Grammar Grouch Talks Editing


To those who know me, it’s no secret that grammar and punctuation mistakes in published works make my eye twitch.  I’ve been known to knock my star rating down a peg in a reviews when the mistakes are too numerous.  This is an issue I’ve been mulling over for a while now, and a recent article on Self Publishing Daily moved me to discuss it.

The article, *Three Truths on Editing, brings up some excellent points.  To paraphrase:


  • Do it right: get your manuscript professionally edited if you’re self-publishing.
  • Edit before handing it over to a professional:  Polish and edit your work so it’s the best it can be before handing it over to an editor.
  • Do pay attention to the small stuff:  Obviously, the most important concern is an engaging story that keeps readers turning the pages, but even small errors can add up and pull a reader out of the moment.


I’d like to take this a bit further.  It’s my belief that all authors need to be capable of semi-professional editing.  Does that mean we want a career in editing?  Of course not, but there are far-reaching benefits that shouldn’t be ignored.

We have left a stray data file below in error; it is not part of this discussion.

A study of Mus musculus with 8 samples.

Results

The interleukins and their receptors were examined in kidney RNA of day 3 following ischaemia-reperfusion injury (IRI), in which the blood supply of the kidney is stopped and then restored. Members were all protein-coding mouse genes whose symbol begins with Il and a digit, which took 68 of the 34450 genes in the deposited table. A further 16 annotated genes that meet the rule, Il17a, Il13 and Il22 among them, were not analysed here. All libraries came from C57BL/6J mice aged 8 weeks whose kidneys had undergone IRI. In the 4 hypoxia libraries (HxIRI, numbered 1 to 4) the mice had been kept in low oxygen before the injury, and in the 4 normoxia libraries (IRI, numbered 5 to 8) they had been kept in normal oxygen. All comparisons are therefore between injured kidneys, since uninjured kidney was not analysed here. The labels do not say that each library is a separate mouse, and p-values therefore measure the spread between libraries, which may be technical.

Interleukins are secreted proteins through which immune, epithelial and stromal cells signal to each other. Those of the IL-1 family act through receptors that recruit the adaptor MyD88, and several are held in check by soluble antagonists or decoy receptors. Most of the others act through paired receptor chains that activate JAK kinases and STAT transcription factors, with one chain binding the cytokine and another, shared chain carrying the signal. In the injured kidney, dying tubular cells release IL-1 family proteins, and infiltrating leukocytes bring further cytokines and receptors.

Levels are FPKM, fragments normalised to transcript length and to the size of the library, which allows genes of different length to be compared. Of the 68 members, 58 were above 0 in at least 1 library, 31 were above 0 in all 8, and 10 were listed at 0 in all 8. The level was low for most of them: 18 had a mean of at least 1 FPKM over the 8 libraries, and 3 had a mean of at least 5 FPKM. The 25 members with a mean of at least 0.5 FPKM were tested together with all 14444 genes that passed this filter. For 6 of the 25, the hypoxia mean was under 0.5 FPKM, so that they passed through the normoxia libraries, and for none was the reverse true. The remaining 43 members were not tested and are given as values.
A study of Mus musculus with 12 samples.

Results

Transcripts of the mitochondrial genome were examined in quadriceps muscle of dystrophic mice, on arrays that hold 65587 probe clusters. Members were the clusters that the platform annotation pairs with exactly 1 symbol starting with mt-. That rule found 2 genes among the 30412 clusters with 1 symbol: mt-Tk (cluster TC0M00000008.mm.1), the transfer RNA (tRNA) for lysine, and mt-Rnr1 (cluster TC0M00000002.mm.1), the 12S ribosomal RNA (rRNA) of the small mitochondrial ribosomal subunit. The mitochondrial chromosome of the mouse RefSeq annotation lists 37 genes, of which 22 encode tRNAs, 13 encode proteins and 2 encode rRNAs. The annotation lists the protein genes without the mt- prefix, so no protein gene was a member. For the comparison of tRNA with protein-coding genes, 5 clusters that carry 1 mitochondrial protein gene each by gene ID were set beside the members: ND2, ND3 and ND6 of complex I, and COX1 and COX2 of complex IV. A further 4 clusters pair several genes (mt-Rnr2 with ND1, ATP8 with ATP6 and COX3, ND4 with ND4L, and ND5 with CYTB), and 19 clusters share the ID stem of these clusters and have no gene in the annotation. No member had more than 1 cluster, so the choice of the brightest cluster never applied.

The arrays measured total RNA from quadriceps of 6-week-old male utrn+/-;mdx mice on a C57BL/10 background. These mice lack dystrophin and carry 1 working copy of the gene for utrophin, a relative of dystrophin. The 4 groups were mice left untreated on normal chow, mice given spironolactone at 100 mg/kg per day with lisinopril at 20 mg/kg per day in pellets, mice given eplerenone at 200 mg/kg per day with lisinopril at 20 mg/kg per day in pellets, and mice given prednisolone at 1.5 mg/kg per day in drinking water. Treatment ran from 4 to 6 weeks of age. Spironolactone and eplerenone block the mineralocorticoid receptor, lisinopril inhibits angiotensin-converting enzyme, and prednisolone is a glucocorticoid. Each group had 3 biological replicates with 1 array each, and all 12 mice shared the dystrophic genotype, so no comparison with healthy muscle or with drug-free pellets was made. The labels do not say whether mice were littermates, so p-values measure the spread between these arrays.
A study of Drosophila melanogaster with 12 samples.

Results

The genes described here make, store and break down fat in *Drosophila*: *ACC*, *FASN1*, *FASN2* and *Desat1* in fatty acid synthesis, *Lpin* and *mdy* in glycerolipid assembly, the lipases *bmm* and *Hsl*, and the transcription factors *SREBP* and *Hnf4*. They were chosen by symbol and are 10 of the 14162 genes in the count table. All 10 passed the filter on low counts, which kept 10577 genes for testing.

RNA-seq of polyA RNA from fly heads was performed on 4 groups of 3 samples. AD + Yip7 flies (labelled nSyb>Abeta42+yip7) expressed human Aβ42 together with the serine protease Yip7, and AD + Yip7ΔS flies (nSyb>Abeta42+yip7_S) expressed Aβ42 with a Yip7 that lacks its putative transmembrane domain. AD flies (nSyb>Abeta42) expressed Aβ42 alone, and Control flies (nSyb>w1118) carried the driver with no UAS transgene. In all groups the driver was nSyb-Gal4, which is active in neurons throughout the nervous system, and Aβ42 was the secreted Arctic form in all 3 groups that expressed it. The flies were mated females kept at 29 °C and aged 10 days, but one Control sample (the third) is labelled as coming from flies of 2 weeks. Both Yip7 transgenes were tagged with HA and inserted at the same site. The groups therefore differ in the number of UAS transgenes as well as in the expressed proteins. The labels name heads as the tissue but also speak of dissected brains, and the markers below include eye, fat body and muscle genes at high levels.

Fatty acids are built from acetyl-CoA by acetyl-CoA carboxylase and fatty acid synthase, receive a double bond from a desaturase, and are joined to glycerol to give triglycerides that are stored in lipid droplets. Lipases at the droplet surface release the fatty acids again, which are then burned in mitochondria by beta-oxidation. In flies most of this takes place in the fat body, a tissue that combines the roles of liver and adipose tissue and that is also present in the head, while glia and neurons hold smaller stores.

• Be assured your book is well edited:  If you don’t know a comma from a cheese curl, how do you know if the editor you’ve hired (or the editor from the small publisher you’ve signed with) is doing a good job?  I speak from experience when I say that not everyone who claims to have editing experience is qualified to edit a manuscript for publishing.
  • Save time and money:  If you polish and edit before handing it over to the editor you’ve hired, there will be less work to do when you get your manuscript back.
  • Look more professional:  If you choose to submit your manuscript to an agent or small press for consideration, they’ll be more impressed if you have a great story and it’s already well edited.
  • Help fellow authors:  You might be rolling your eyes and thinking, “Why should I help someone else for free?”  For one, it’s nice to pay it forward and help others traveling the same road, and two, the more you hone your skills, the easier your self-editing skills will flow.  I can attest that it’s worth more than gold to find someone with strong editing skills who’s willing to put the hours in to help.


So do yourself a favor, and don’t skimp on editing.  You’ll pat yourself on the back later and help some other authors out along the way.  Everybody wins—especially your adoring readers!

As a public service in my endeavor to spread literacy around, I answer grammar and punctuation-related questions through a form here on the blog, or you can follow my grammar account on Twitter @MsGrammarGrouch.

Feel free to share your own editing tips and pet peeves.





*You can read the entire article referenced at Self Publishing Daily.